Submitted by Arts & Sciences Web Team on November 3, 2014 - 12:33pm
  • Darius Klein and Paul Remley
    Darius Klein and Paul Remley
  • Ibn Umail
    Ibn Umail

The celebrated Middle English poet Geoffrey Chaucer describes a fanciful dialogue between Plato and one of his students, an exchange (addressing various subjects in physics) in which the two discuss the four elements and, among other concerns, a mysterious and powerful alchemical stone called “Titanos.” At one point, the student cites an equally obscure “book [of] Senior” as his main “witnesse” to the Platonic exchange. The fictional storyteller who is holding forth at this point in the Canterbury Tales, known as the Canon’s Yeoman, is an associate of a sort of religious careerist (the “Canon”), an unscrupulous priest who is eventually revealed to be a secretive alchemist. In a recent collaboration,Darius Klein (MA, Comparative Literature, 2013), in consultation with Professor Paul G. Remley (Department of English), has prepared the first complete English translation of the earliest version of the alchemical text (the “book [of] Senior”) cited by Chaucer. That source, known as Letter of the Sun to the Crescent Moon, was composed in Arabic not long before the year 1000 by an innovative and prolific mystical thinker, Muhammad Ibn Umail, whose important body of work is rapidly coming to be recognized more widely in scholarly circles.

Chaucer’s reference to a work by “Senior” alludes to a Latin alchemical text circulating in the later Middle Ages, based ultimately on the work of Ibn Umail, a treatise attributed in European circles to the authorship of a certain Senior Zadith Filius Hamuelis. The last two elements of this name comprise the common Latin term “filius” (or “son [of],” paralleling Arabic “Ibn”) and the form “Hamuel-” (going back to “Umail”); the honorific “Senior Zadith” approximates to “truthful sheikh.” The alchemical treatise known in the medieval period (as cited by Chaucer), which sadly remains the only work linked to Ibn Umail that has been discussed widely in modern scholarship, however, offered an abbreviated and in many ways defective Latin rendering of the original Arabic language of Ibn Umail. This is the state of affairs that the translation of the original Arabic text, by Darius Klein, and a study of the legacy of Ibn Umail, chiefly by Remley, hope to improve.

Muhammad Ibn Umail himself is emerging as one of the more engaging (and unduly neglected) figures of the early Middle Ages, a thinker who was, in some respects, centuries—or even a full millennium—ahead of his time. In other ways, Ibn Umail’s intellectual perspectives remain utterly unique even to the present day, reflecting an idiosyncratic approach to mysticism that is situated essentially outside of time and space altogether. As early as the 1940s, the psychoanalytic pioneer C. G. Jung credited Ibn Umail with innovating the use of true archetypal symbols, where otherwise mundane imagery of chameleons and frogs in Letter of the Sun to the Crescent Moon, for example, ultimately tap into subconscious precursors. Moving far beyond pedestrian medieval uses of metaphor and allegory, Ibn Umail anticipated significant aspects of contemporary psychology and gender studies as well, as in his approaches to eroticism and the containment of desire, his transcendence of conventional dichotomies of “female’ and “male” principles, and so on. In relation to other great thinkers emerging out of Islamic scholarly traditions, Ibn Umail reveals no clear affinity either with the theology of Shia or with distinctive Sunni doctrines, but he is sometimes linked to early Islamic Isma’ili doctrine, noted for its symbolic interpretations and esotericism.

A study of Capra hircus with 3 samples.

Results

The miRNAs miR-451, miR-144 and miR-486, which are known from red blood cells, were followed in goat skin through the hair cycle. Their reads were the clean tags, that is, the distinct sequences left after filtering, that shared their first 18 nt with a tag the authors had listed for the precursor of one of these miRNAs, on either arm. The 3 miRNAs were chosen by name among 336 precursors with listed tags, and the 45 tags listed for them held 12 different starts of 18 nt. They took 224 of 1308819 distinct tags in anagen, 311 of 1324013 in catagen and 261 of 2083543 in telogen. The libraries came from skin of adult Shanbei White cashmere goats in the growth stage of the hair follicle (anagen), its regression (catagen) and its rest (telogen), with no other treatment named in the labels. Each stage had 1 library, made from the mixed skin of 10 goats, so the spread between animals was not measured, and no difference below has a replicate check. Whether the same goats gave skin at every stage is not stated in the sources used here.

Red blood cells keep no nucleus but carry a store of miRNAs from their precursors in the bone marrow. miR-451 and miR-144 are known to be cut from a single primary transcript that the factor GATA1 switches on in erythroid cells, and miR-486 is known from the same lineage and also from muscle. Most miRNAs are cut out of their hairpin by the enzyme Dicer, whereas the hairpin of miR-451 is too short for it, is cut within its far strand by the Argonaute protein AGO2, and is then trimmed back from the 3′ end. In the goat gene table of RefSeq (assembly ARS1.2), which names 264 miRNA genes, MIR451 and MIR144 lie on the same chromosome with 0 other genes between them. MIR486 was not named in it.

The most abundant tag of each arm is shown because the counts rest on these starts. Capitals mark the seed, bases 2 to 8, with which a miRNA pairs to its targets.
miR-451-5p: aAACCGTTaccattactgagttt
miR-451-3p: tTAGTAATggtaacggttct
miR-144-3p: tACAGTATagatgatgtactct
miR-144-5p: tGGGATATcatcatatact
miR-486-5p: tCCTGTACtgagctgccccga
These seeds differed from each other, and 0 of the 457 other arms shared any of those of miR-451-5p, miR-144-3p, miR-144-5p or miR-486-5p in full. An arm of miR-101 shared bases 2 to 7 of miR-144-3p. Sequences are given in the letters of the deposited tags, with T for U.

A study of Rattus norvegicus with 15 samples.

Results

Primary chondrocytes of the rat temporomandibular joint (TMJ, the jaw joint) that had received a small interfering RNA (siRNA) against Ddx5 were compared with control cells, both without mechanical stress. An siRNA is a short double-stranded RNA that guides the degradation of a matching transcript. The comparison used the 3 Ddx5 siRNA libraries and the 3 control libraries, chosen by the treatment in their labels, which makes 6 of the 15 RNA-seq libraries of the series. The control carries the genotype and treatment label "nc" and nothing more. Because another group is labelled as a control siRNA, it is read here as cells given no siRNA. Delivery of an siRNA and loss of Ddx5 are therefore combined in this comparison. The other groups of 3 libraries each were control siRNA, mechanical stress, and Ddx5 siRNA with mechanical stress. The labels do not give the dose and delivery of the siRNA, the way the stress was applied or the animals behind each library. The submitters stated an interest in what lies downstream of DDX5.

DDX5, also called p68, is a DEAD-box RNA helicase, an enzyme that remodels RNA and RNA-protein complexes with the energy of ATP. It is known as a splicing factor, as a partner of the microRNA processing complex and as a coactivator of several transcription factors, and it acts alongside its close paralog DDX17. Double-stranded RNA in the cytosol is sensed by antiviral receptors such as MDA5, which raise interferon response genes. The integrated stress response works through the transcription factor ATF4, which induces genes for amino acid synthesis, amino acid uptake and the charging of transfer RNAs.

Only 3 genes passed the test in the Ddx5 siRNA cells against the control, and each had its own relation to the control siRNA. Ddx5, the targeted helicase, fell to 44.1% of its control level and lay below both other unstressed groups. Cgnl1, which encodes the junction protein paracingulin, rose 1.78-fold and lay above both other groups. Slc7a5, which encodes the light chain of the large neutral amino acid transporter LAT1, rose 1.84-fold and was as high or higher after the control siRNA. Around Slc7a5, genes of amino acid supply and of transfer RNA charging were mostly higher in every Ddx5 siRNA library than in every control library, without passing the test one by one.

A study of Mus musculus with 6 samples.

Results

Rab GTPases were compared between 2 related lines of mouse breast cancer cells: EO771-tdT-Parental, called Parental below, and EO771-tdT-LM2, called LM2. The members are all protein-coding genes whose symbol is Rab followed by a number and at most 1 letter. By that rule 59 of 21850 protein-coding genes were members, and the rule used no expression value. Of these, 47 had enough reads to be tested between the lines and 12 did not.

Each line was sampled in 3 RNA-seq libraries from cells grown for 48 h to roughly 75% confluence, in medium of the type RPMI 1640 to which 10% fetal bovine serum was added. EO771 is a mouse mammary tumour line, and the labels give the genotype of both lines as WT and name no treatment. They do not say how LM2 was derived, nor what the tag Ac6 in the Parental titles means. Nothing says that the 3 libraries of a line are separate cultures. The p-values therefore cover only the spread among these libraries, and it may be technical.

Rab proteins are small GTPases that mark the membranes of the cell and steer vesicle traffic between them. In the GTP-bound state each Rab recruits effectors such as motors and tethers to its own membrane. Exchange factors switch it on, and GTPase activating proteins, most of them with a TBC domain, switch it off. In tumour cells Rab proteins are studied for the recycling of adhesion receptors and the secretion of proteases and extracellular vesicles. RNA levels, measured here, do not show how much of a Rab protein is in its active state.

It is not known where Ibn Umail lived or even what nationality might be assigned to him reliably. He describes (in stunning detail) two visits that he made to a pharaonic temple in Egypt, and he is sometimes thought to have been an Egyptian; but these visits may have occurred in the course of his foreign travels. Manuscripts of Ibn Umail’s works circulated extensively in western Asia, and his writings may reveal affinities with alchemical traditions connected with regions of modern Iran and India. There are also indications that he may have lived in a Mesopotamian region, perhaps in an area of the northern Iraq.

Even today, at least four major works by Ibn Umail remain wholly unedited and, indeed, unavailable in any form beyond the very few surviving copies in manuscript. At present, there is an intensive effort under way in post-Jungian circles, centering on Zurich, to edit unpublished Arabic texts of works by Ibn Umail, with facing-page translations in modern English, in the series Corpus Alchemicum Arabicum. The irony here is that Ibn Umail’s masterwork, Letter of the Sun to the Crescent Moon, appeared in an adequate scholarly edition in 1933, and thus its appearance in the new series, where it would acquire an authoritative English translation, has been delayed so that what were considered more urgent projects might be completed first. The collaboration undertaken by Darius Klein and Paul Remley thus helps to address an immediate necessity and, with its review of recent scholarshiop, stands to provide a basis for future research.